A disability hearing is often conducted when one’s Social Security Disability (SSDI) or Supplemental Security Income (SSI) application is denied. In most cases, this is the best opportunity for a claimant and his lawyer to present their case to the administrative law judge (ALJ). This is also the chance or time to prove that one’s disability is severe enough for an applicant to be eligible to receive benefits.

Generally, a disability hearing is attended by an administrative law judge, a hearing reporter, the claimant and his lawyers and in some cases, a medical expert, a vocational expert or any witness that an applicant may bring with him.

In the hearing, an applicant will be given the chance to present his case through his lawyer, and with the help of witnesses, he can present the expert opinion of a medical or vocational expert to support his claim.

  1. Hearing Start - The SSDI or SSI hearing usually starts with the ALJ introducing the case and admitting the case file as evidence.  The ALJ will then either start the questioning himself or ask the claimants lawyer or representative to start the questioning.
  2. The questioning usually starts with basic information such as name, address, date of birth, last grade you completed in school, etc. Questions about one’s past work will be asked, with the ALJ or one’s lawyer asking about each jobs.
  3. Determining the requirements in a job – During the questioning hour, an applicant will be subjected to different questions that will determine both the “exertional (physical) requirements” and the “non-exertional (non-physical) requirements” of one’s job. During this stage, an applicant will be asked the following questions:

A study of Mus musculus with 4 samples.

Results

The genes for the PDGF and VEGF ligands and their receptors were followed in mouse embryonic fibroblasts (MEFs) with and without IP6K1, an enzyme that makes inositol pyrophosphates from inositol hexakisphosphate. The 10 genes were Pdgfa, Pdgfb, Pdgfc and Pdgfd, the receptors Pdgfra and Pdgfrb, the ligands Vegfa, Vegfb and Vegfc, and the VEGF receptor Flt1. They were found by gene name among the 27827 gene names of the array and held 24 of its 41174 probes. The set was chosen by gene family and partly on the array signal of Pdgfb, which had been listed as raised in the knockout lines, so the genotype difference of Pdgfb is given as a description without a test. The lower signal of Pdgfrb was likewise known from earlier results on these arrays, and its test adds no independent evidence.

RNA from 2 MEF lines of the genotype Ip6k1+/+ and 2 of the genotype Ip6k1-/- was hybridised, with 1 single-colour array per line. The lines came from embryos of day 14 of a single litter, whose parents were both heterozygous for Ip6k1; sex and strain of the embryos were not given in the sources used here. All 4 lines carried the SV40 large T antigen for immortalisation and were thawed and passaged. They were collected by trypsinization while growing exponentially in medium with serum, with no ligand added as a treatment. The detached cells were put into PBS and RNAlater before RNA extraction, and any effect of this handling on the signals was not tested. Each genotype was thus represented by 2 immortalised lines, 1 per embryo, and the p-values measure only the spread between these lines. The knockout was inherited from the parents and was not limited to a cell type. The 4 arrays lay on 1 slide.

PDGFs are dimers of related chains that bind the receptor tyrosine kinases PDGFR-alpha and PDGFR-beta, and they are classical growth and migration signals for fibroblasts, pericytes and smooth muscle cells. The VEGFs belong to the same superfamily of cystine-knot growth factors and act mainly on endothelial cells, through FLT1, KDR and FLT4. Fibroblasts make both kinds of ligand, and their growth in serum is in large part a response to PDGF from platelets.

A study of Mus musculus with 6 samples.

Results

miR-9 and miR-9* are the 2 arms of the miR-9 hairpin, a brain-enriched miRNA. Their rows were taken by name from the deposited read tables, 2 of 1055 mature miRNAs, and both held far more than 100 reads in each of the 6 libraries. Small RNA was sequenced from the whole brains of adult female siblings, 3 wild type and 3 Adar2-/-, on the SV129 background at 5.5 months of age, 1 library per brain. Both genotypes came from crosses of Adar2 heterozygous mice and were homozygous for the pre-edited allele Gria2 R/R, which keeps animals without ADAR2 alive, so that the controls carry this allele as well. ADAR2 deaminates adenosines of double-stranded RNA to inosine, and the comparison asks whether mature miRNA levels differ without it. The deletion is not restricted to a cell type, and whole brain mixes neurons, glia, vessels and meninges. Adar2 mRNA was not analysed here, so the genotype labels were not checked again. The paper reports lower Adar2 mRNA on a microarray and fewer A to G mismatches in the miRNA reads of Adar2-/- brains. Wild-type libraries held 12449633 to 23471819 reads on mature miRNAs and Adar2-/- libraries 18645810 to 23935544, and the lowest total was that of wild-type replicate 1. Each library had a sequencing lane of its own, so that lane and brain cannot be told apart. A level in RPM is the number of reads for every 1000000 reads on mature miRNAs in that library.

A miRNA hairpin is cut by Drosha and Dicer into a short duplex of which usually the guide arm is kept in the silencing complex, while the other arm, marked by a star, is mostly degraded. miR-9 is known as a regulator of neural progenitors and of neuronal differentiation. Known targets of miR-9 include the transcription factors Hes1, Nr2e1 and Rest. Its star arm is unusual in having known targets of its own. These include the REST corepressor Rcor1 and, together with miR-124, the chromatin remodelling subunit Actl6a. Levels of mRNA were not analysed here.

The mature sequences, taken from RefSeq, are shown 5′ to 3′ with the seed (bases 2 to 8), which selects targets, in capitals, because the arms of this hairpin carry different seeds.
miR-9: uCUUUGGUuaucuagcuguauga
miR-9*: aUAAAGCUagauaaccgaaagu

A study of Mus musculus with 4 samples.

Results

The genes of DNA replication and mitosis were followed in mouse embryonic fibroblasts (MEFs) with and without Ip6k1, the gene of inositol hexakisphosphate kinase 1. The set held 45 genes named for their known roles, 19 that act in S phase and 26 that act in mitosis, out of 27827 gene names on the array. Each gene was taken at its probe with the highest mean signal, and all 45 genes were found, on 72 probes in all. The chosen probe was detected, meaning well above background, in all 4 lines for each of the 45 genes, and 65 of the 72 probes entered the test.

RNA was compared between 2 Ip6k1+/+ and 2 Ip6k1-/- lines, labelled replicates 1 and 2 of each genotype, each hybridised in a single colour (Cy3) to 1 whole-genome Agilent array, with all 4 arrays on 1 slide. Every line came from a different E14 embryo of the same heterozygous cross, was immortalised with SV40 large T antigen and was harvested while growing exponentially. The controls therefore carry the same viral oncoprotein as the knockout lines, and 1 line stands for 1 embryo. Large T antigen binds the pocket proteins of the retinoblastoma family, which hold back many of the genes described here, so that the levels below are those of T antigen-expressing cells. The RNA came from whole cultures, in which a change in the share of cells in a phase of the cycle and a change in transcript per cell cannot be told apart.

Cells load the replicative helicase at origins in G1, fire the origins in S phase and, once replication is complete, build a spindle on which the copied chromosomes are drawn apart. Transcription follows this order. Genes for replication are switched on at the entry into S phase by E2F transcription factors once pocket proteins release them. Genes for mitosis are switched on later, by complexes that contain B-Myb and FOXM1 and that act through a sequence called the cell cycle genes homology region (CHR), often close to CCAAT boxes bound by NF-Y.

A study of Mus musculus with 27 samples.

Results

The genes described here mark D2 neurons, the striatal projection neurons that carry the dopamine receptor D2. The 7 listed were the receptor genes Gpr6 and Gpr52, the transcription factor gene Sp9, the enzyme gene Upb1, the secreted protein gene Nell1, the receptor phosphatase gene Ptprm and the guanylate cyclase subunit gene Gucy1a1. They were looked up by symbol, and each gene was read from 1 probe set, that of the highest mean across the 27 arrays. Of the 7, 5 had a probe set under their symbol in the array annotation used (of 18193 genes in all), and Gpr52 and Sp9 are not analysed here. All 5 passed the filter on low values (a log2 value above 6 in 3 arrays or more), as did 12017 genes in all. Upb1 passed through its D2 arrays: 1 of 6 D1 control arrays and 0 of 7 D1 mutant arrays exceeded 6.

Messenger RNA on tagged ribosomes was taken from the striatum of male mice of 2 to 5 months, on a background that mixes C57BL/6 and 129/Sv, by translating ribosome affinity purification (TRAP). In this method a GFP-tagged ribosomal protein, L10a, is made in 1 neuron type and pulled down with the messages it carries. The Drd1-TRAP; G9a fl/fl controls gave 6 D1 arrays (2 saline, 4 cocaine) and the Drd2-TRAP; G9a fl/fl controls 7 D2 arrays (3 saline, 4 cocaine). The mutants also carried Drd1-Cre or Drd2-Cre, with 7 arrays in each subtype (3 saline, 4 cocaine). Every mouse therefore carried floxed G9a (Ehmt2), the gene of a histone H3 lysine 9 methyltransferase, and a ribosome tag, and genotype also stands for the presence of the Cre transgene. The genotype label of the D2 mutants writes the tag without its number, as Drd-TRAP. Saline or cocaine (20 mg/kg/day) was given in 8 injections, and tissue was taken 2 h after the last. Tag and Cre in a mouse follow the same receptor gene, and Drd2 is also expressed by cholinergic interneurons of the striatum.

• how long he has worked at each job

    • what his job duties were

    • what are the limitations on one’s movement

    • how much does one have to lift on that job

    • how long does one have to sit and stand, any reaching or bending

    • how did one use his hands on job, or did he supervise other employees, etc.

    In addition to these, you will also be asked about the doctors you see for your medical treatment and the usual chores you do at home.


  • The Judge oversees the hearing, determines how it is conducted, and makes the final decision on your SSDI or SSI claim.

  • The hearing reporter makes a recording of the entire hearing.

  • Your lawyer or representative will present your case and can question any witness including the vocational and medical expert.

  • The vocational expert often gives his expert opinion on work factors in a social security claim. If there is a medical expert present, they will give their opinion on the medical issues of the case including the medical listings.

Aside from questions related to one’s job and disability, the judge will also ask an applicant about his mental or psychiatric condition. This will help the ALJ determine what kind of physical or mental limitations one has.

The applicant’s reply to all these questions during the disability hearing will either make or break one’s case or claim. Generally, the strength of one’s claim will depend on whether the judge will believe one’s testimony or not.  If an applicant’s testimony is consistent with one’s medical conditions, there is a higher possibility that the ALJ will find one’s testimony to be credible and therefore grant his claim.

At any rate, getting the help of a skilled and experienced representative, preferably a social security lawyer can help you get the proper representation that you deserve in a disability hearing.